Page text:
North Carolina still lags behind other states when it comes to the economic well-being of its residents, a study found, despite the fact that the national and state economies have strengthened considerably during the five-year recovery.
The state ranks 41st in terms of overall outcomes of its residents, according to an analysis published Thursday from the Corporation for Enterprise Development, a Washington, D.C.-based nonprofit. The report evaluated states on 67 criteria related to finances, employment, housing, health care and education.
The report underscores how the disproportionate growth of low-wage jobs, as well as lower education attainment and health care coverage, means many North Carolinians are still on a shakier economic footing than the rest of the country.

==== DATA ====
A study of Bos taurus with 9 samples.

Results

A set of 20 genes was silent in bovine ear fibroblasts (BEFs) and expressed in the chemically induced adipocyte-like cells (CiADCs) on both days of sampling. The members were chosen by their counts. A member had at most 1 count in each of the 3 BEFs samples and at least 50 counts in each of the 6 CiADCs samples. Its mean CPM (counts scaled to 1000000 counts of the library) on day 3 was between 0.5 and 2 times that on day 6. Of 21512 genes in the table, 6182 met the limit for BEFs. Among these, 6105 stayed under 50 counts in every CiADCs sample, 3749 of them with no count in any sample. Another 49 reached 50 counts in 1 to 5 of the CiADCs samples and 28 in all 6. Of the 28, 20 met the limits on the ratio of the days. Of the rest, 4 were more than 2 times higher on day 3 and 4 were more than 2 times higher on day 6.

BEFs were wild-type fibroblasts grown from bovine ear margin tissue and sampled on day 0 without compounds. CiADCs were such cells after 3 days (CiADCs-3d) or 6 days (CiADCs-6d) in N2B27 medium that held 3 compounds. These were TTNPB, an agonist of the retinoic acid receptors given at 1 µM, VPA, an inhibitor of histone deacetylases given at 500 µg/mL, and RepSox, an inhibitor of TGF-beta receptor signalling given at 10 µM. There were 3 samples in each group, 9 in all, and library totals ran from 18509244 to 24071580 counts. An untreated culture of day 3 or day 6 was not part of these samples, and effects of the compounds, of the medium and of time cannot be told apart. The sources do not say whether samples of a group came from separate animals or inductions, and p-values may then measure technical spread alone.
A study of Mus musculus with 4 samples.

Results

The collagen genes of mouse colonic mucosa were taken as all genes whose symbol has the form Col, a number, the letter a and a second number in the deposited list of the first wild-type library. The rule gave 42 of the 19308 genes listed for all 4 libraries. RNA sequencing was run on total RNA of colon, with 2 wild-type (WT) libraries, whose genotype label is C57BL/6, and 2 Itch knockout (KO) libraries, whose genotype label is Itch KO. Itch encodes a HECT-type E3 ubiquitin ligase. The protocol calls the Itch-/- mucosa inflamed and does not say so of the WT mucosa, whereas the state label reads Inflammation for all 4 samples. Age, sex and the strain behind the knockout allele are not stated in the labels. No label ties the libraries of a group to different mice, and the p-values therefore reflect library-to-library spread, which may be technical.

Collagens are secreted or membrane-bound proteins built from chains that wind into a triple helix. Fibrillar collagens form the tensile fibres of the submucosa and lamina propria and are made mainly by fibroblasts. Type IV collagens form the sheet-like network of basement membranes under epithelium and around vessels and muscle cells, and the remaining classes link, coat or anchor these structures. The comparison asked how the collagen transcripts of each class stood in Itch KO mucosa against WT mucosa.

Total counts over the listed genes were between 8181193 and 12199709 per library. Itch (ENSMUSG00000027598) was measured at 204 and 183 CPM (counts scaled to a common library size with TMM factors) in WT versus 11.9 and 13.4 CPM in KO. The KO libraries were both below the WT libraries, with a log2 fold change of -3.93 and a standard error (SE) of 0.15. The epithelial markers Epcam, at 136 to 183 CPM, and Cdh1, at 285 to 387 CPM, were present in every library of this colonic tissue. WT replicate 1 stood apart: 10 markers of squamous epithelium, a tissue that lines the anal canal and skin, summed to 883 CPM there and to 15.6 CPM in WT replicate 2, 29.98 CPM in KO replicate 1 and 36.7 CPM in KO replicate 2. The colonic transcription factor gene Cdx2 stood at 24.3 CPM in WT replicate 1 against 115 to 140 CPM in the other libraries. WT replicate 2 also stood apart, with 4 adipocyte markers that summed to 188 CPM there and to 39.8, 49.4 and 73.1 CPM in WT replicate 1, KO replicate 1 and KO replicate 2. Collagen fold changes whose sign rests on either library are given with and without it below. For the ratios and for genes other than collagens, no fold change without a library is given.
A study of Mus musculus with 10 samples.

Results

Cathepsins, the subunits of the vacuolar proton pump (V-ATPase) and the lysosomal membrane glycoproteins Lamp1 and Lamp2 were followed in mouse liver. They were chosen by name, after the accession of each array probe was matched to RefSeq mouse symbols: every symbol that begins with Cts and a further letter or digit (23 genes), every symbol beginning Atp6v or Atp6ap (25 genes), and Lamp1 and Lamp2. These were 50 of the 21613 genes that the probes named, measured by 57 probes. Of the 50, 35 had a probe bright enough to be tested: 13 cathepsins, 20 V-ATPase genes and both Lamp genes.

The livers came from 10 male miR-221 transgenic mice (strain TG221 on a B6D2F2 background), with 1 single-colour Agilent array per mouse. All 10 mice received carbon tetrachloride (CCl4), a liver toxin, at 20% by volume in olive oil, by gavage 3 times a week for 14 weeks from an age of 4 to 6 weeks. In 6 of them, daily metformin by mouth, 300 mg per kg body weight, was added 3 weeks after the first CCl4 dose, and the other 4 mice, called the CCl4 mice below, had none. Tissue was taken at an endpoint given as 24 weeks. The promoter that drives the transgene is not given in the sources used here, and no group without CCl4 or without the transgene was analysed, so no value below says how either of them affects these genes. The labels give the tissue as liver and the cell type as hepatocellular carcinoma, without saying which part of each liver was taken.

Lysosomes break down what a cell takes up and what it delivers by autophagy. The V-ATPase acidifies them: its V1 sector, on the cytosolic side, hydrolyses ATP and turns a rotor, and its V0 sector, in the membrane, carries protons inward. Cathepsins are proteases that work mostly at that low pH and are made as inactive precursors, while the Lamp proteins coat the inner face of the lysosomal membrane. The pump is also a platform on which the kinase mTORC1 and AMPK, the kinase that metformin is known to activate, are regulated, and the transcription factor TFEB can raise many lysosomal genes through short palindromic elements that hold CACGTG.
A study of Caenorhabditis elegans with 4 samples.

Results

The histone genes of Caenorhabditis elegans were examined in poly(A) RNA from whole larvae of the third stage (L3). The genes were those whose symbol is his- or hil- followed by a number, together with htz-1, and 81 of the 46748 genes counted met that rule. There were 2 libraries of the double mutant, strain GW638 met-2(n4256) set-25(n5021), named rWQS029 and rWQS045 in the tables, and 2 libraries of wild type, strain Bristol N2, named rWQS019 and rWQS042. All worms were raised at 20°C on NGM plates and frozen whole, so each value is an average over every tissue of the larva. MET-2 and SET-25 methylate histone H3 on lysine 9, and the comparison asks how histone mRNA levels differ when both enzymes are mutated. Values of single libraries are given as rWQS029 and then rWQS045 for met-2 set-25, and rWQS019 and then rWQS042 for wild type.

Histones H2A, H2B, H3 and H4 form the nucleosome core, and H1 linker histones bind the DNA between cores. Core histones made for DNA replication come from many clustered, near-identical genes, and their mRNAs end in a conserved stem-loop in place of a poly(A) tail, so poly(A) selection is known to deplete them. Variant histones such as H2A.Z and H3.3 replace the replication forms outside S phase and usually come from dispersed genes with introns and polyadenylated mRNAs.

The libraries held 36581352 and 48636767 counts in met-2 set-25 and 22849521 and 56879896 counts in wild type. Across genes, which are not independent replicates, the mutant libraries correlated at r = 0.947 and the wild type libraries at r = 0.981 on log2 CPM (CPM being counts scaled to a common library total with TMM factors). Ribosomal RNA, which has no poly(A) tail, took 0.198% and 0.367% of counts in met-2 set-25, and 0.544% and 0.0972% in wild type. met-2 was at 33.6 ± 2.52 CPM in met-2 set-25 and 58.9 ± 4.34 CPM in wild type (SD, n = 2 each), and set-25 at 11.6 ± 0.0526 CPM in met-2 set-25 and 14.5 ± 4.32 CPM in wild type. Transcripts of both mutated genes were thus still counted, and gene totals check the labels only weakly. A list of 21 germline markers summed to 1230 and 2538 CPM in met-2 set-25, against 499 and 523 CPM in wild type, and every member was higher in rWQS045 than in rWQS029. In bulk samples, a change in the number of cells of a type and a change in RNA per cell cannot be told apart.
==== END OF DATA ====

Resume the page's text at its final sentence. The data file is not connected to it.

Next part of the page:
“When North Carolina families struggle every month to make ends meet, they have little ability to save and build a more financially secure future,” said Donna Gallagher, steering committee member of the North Carolina Assets Alliance and executive director of a nonprofit called The Collaborative.
The growth of jobs considered “low-wage” – meaning annual pay below the poverty threshold for a family of four ($23,283) – has persisted in most states since even before the Great Recession. Though one of every four jobs was considered low-wage in the U.S. in 2012, according to the report, in North Carolina, it was 31.5 percent.
At 64.3 percent, the homeownership rate was a bit higher in North Carolina in 2013 than the national average of 63.5 percent, the analysis showed.
Nationally in 2013, 16.7 percent of the nonelderly population was without health care, compared with 18.1 percent in North Carolina.
And in terms of education, the state also fell behind the national average number of adults with a high school degree or GED in 2013: 85.7 percent in North Carolina compared with 86.6 percent in the U.S. Further, 21.4 percent of 3- and 4-year-olds were enrolled in early childhood education in North Carolina, compared with 27.4 nationally.